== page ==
David Blackmon, Forbes

New York Supreme Court Justice Barry Ostrander ruled on Tuesday morning that ExxonMobil did not commit fraud in any of its climate change-related disclosures to shareholders.

NEW YORK, NY – OCTOBER 22: Environmental activists rally for accountability of fossil fuel companies outside of New York Supreme Court on October 22, 2019 in New York City. (Photo by Drew Angerer/Getty Images)

“The Office of the Attorney General failed to prove, by a preponderance of the evidence, that ExxonMobil made any material misstatements or omissions about its practices and procedures that misled any reasonable investor,” Ostrager said.

The ruling concludes a years-long search by the State of New York’s attorney general’s office to find something, anything on which to hang its hat in making a viable climate change-related case against the nation’s largest oil and gas company. The case germinated under former Attorney General Eric Schniederman as a claim that “Exxon knew” that carbon dioxide was a major culprit in creating global warming as far back as the 1950s, but withheld such proof from the public so it could continue to profit from its oil and gas business.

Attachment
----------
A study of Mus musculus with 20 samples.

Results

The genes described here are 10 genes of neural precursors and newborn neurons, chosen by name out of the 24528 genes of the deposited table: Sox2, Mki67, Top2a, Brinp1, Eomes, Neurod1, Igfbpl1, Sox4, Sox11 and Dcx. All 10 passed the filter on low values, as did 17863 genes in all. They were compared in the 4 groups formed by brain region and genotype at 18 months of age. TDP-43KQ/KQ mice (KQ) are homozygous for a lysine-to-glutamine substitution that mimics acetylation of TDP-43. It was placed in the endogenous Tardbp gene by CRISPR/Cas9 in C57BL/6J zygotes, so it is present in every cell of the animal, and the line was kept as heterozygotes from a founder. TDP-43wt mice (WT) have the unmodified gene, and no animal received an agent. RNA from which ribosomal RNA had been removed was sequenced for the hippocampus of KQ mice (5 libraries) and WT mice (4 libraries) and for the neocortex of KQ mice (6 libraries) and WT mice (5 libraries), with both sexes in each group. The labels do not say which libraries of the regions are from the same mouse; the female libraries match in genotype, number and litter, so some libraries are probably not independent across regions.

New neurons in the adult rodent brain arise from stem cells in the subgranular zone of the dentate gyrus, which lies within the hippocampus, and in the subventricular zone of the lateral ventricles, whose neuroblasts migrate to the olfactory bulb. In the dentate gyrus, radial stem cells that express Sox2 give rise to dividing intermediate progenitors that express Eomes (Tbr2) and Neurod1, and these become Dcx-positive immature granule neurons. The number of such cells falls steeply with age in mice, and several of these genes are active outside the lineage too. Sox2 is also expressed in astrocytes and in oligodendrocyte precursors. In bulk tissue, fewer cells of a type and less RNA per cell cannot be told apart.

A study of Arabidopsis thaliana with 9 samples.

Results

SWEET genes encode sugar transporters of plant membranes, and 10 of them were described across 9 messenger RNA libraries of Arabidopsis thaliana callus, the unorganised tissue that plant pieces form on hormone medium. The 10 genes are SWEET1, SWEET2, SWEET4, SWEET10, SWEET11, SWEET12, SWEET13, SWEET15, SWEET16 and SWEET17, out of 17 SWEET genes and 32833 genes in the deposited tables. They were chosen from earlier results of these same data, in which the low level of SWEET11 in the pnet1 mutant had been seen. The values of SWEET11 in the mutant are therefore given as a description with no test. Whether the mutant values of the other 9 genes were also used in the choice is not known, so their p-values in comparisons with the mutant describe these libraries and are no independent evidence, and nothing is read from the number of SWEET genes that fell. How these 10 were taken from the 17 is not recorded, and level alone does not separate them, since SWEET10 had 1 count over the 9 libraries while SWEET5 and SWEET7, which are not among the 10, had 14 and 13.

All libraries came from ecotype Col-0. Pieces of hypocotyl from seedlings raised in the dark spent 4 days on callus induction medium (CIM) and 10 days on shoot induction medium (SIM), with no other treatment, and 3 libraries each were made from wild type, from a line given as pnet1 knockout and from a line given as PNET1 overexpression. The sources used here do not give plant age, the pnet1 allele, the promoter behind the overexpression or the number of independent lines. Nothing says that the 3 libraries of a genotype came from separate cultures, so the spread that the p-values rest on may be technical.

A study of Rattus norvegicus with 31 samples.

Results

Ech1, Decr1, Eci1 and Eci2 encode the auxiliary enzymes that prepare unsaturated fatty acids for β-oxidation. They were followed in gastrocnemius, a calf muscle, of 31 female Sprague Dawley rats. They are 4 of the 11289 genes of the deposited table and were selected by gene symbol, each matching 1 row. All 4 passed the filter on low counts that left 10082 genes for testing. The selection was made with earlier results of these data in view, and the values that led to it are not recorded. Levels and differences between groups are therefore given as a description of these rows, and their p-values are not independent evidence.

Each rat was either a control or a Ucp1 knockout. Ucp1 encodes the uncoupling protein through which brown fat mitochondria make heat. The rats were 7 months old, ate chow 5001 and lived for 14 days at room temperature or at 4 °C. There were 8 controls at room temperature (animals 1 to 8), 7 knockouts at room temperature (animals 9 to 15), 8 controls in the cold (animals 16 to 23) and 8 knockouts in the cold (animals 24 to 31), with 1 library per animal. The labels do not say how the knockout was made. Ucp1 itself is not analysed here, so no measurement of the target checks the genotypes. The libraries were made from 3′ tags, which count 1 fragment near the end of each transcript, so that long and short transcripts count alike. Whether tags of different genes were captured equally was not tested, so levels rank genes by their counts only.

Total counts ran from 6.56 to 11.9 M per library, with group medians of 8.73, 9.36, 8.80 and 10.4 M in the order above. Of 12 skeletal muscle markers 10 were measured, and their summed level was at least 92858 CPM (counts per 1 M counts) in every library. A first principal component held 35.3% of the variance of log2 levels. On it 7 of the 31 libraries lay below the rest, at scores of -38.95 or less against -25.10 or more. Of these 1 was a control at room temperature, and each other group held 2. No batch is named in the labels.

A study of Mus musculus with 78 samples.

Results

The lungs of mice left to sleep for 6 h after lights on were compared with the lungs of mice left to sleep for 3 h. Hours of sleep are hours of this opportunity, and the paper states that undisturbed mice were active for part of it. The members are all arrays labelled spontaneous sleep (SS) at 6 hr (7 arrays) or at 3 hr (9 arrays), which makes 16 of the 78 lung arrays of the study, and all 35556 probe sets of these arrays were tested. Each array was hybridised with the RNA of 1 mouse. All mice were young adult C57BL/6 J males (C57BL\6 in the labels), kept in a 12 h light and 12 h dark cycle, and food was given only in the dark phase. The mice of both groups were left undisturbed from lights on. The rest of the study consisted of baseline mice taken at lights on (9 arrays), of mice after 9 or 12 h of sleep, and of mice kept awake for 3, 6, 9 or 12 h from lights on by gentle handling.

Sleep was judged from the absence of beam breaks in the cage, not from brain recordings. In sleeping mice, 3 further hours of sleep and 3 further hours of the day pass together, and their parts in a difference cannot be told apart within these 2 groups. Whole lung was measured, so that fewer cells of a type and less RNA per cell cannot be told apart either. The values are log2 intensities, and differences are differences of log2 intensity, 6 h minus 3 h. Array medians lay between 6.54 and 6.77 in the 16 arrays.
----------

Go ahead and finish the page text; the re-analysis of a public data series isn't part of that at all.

When Schneiderman was forced to resign under the cloud of scandal in May 2018, the current Attorney General, Letitia James, inherited the case as the “Exxon knew” theory promoted by the climate alarmist community had become thoroughly debunked. Ms. James then shifted the focus to attempting to form up a fraud case surrounding the company’s public disclosures about the impacts of climate change on its future business activities.

At issue were the methods used by ExxonMobil to assess such potential impacts, which the AG attempted to portray as so misleading that they had caused at least $1.6 billion in damages to shareholders. In pursuing her case on behalf of the alarmist community, her real constituency in the case, Ms. James ignored the reality that, in August 2018, the Securities and Exchange Commission had concluded an investigationof ExxonMobil over the same issues and found no reason to assess any penalties on the company.

During the course of the trial, it became obvious to all observers that the state’s case was pitifully weak, with the editorial board of the Wall Street Journal at one point calling it “A Parody of a Climate Trial.” In making her closing arguments, AG James appeared to concede her own weakness, taking the extraordinary step of actually withdrawing two of her three claims of fraud in the midst of her own arguments.